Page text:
Opposition questions minister
After being questioned for more than two hours at the National Assembly yesterday, Environment Minister Say Samal claimed the number of forest crimes decreased in 2016, but acknowledged that some government officials were involved in some of the crimes.
A recently released report from the University of Copenhagen in Denmark said logging crimes in the protected Prey Lang forest had increased by 14 percent compared with last year.
Mr. Samal was summoned to the third commission of the National Assembly yesterday to answer questions from members of the opposition, led by CNRP official Pol Hom.
Mr. Hom also asked Mr. Samal about garbage management in Phnom Penh and other major cities, land concessions causing deforestation, natural resource conservation areas and forest crimes.
When asked about the continued illegal logging of the country’s forests, Mr. Samal told reporters after the meeting that his ministry is investigating government officials involved in forest crimes and will take legal action against anyone who is caught.
“We have done this for every case, but I cannot tell you because some cases are still under investigation. I can say that we have our targets, but I cannot say more than that,” he said.
Mr. Samal has been criticized in the past for his statements about illegal logging and deforestation. Last June, he claimed all major forest crimes had stopped because of the work of a task force set up by Prime Minister Hun Sen in January 2016.
After six months, few arrests and a number of court cases were slowly making their way through the judiciary, but the task force claimed its job was done.
The government then created another task force last month to deal with forest crimes after Sao Sokha, the commander in chief of the military police and head of the first task force, admitted that deforestation and illegal logging were not only continuing, but increasing.
Mr. Sokha was put in charge of the new task force, which he says is “planning strategies to prevent forestry, wildlife and mining crimes as well as have the offenders arrested.”
The annual Environment Ministry review released late last month says nearly 600 forest crimes were committed in protected areas in 2016 and 700 cases of wildlife, fishing and land crimes were found.
The government sent only 35 of these cases to court.
Hoeun Sopheap, a Prey Lang Community Network (PLCN) representative from Kampong Thom province, said that despite the government designating Prey Lang as a protected area and increasing measures to crack down on forestry crime, illegal logging and timber exports still occurred, especially by traders transporting timber at night.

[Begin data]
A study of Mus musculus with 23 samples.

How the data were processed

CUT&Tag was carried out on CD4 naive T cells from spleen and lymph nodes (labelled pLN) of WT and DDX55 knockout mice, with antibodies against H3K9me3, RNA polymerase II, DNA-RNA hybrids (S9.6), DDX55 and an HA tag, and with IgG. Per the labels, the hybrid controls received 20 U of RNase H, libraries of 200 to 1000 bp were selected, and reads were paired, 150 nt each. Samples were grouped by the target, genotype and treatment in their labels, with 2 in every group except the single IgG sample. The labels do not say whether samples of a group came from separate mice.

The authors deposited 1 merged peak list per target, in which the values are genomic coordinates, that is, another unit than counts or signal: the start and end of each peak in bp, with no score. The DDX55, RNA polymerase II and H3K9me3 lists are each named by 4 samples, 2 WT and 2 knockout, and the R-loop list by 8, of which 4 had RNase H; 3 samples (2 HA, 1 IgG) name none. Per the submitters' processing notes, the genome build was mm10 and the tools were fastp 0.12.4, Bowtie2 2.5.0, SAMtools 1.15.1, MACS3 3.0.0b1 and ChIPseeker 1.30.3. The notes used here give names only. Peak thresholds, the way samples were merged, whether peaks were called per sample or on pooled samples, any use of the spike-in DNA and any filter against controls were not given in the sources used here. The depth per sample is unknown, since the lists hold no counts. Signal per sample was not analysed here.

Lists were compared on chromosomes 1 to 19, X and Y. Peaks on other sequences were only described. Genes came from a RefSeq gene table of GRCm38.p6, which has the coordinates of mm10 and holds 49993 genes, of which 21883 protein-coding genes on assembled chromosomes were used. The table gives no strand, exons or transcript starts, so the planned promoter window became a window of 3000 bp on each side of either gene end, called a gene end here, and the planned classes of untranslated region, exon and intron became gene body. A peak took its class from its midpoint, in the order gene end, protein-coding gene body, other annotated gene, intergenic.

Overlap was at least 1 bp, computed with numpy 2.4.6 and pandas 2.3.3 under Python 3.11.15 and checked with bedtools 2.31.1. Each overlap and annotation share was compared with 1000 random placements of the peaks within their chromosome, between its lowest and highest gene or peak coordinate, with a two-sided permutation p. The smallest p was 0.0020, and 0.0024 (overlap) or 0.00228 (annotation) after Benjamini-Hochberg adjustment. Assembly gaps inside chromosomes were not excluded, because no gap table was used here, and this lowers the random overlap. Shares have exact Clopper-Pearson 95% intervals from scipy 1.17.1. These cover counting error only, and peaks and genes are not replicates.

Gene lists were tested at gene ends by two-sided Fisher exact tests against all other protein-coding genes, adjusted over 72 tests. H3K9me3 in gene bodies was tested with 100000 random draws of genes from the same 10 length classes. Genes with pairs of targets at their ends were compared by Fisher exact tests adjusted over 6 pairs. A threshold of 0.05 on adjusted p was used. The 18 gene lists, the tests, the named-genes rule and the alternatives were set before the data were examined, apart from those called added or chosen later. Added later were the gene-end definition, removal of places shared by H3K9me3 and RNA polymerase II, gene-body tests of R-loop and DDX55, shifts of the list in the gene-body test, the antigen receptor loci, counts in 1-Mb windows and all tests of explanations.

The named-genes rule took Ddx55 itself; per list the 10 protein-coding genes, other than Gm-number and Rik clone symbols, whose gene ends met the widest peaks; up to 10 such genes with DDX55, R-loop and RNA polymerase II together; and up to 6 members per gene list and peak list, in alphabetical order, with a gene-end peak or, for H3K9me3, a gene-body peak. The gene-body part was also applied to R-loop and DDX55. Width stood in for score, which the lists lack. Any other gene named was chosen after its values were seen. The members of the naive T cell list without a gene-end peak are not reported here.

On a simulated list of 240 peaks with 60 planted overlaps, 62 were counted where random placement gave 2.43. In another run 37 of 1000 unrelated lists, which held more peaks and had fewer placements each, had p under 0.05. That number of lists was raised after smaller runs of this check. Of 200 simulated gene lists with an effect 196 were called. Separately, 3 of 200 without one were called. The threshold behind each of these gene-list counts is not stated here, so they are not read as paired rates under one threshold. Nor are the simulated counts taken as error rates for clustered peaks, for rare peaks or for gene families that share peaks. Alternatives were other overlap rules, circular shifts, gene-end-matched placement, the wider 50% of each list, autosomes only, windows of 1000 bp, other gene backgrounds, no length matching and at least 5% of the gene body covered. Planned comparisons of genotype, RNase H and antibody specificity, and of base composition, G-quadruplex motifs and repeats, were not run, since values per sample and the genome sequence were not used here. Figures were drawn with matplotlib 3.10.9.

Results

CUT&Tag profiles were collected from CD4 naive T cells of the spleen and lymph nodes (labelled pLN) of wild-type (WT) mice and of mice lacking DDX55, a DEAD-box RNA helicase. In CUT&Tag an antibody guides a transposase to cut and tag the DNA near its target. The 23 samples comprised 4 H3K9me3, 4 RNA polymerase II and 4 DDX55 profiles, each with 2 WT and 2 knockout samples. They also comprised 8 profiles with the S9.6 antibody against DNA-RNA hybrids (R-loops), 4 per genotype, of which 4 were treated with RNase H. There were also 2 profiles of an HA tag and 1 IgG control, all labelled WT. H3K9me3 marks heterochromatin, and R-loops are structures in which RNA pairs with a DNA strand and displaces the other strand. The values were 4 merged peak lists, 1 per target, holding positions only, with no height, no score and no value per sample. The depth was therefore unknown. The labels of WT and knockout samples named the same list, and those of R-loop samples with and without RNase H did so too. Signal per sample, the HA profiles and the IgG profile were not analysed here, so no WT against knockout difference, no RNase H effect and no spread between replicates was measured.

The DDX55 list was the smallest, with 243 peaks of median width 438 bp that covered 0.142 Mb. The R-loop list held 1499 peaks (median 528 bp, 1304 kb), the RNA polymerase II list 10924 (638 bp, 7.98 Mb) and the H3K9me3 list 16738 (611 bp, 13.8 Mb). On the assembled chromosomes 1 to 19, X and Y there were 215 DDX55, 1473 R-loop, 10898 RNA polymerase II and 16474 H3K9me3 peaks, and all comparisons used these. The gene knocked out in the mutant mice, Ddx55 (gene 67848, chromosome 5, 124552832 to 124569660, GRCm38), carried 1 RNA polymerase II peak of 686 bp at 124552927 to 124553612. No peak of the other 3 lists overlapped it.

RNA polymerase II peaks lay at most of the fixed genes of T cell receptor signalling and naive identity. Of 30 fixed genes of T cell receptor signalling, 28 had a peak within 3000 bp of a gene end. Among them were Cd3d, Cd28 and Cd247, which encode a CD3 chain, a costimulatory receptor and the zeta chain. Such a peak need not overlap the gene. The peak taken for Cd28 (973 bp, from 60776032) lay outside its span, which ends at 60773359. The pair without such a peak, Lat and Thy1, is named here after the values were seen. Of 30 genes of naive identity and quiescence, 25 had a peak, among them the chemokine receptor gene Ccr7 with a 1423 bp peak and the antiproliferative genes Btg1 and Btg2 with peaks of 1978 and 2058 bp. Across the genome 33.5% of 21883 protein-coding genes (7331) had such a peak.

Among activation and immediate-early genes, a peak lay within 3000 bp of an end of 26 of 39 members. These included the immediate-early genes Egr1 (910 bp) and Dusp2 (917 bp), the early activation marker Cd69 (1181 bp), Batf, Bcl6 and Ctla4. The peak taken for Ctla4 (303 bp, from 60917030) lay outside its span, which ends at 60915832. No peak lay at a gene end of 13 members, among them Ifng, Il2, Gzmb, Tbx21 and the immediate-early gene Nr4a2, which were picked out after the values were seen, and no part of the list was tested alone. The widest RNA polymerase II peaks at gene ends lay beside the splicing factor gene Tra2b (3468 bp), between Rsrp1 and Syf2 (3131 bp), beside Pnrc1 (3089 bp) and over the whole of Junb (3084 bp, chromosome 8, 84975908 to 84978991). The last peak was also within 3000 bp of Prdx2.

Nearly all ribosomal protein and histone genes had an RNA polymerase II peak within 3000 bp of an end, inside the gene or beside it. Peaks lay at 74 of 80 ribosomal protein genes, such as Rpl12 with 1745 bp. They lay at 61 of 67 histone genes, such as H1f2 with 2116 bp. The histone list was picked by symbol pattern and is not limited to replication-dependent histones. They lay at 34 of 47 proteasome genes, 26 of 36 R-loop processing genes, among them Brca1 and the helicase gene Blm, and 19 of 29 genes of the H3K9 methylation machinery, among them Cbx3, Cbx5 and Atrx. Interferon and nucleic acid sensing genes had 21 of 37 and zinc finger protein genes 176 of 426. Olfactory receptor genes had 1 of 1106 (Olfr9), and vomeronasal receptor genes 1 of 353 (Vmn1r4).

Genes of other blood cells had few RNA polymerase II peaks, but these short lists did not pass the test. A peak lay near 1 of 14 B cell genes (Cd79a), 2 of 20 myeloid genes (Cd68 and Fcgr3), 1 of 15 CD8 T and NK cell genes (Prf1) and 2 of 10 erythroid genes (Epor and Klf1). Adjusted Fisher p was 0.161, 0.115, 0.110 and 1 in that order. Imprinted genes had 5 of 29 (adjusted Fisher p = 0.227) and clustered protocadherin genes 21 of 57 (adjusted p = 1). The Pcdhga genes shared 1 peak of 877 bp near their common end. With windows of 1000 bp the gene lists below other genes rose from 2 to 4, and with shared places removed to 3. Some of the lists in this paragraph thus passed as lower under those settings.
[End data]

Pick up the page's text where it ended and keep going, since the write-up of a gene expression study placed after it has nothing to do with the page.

“Through the report in four provinces, we see no decrease and no increase either, which means that trafficking is the same and timber transport is still happening,” he said.
He added that besides deforestation, the PLCN also found that some local authorities – such as police as well as commune and village chiefs – were involved in logging and conspired with dealers to transport timber out of their areas.
Mr. Sopheap worked with the University of Copenhagen on their report and agreed with their assessment of Prey Lang.
“Deforestation and illegal logging are still serious threats to Prey Lang,” the university wrote in their fifth monitoring report on Prey Lang released in late December.
Mr. Samal said he had read the report and added that he was frustrated that the university did not try to work with the ministry before releasing it.
After the assembly session, Mr. Hom said the opposition wanted to verify information with Mr. Samal about forest crimes, adding that the Environment Minister’s answers on the topic and on waste management were acceptable, but showed that the government needed to do more to fix problems in both sectors.
“The garbage management problem hasn’t been completely improved,” he said.
“As we see on some streets, there is an unusual amount of garbage and medical waste. There are also many crimes related to forests and natural resources that are still happening.
“However, the third commission does not accuse the government of doing nothing. We have seen effort, but it is not 100 percent improved.”
Mr. Samal agreed that garbage management was still in its infancy and had not improved enough, but said he was committed to working with local authorities to solve the problem.
The government, he said, is setting up a plan to manage garbage collection in stages and plans to farm out the task of monitoring the process to sub-national administrations.
The country’s issues with garbage collection took over the airwaves after last November’s Water Festival, when a video posted to Facebook showed workers sweeping garbage into the Tonle Sap.
CINTRI, the country’s contracted waste management company, and the Public Works Ministry both denied the workers were theirs.
Mr. Samal publicly criticized CINTRI for the video and for the lack of clean streets after the festival, saying the company needed to work harder and expand its capabilities.
But the lack of enforcement in waste management has led many citizens to continue using old methods for waste disposal. Last month, Mr. Samal’s ministry sent out a warning to Phnom Penh City Hall, telling them to stop residents on the outskirts of the city from dumping trash in the river.
But almost a month later, trash was still overflowing in the area and residents told a local media outlet that no one had come to tell them to stop, much less punish them for their actions.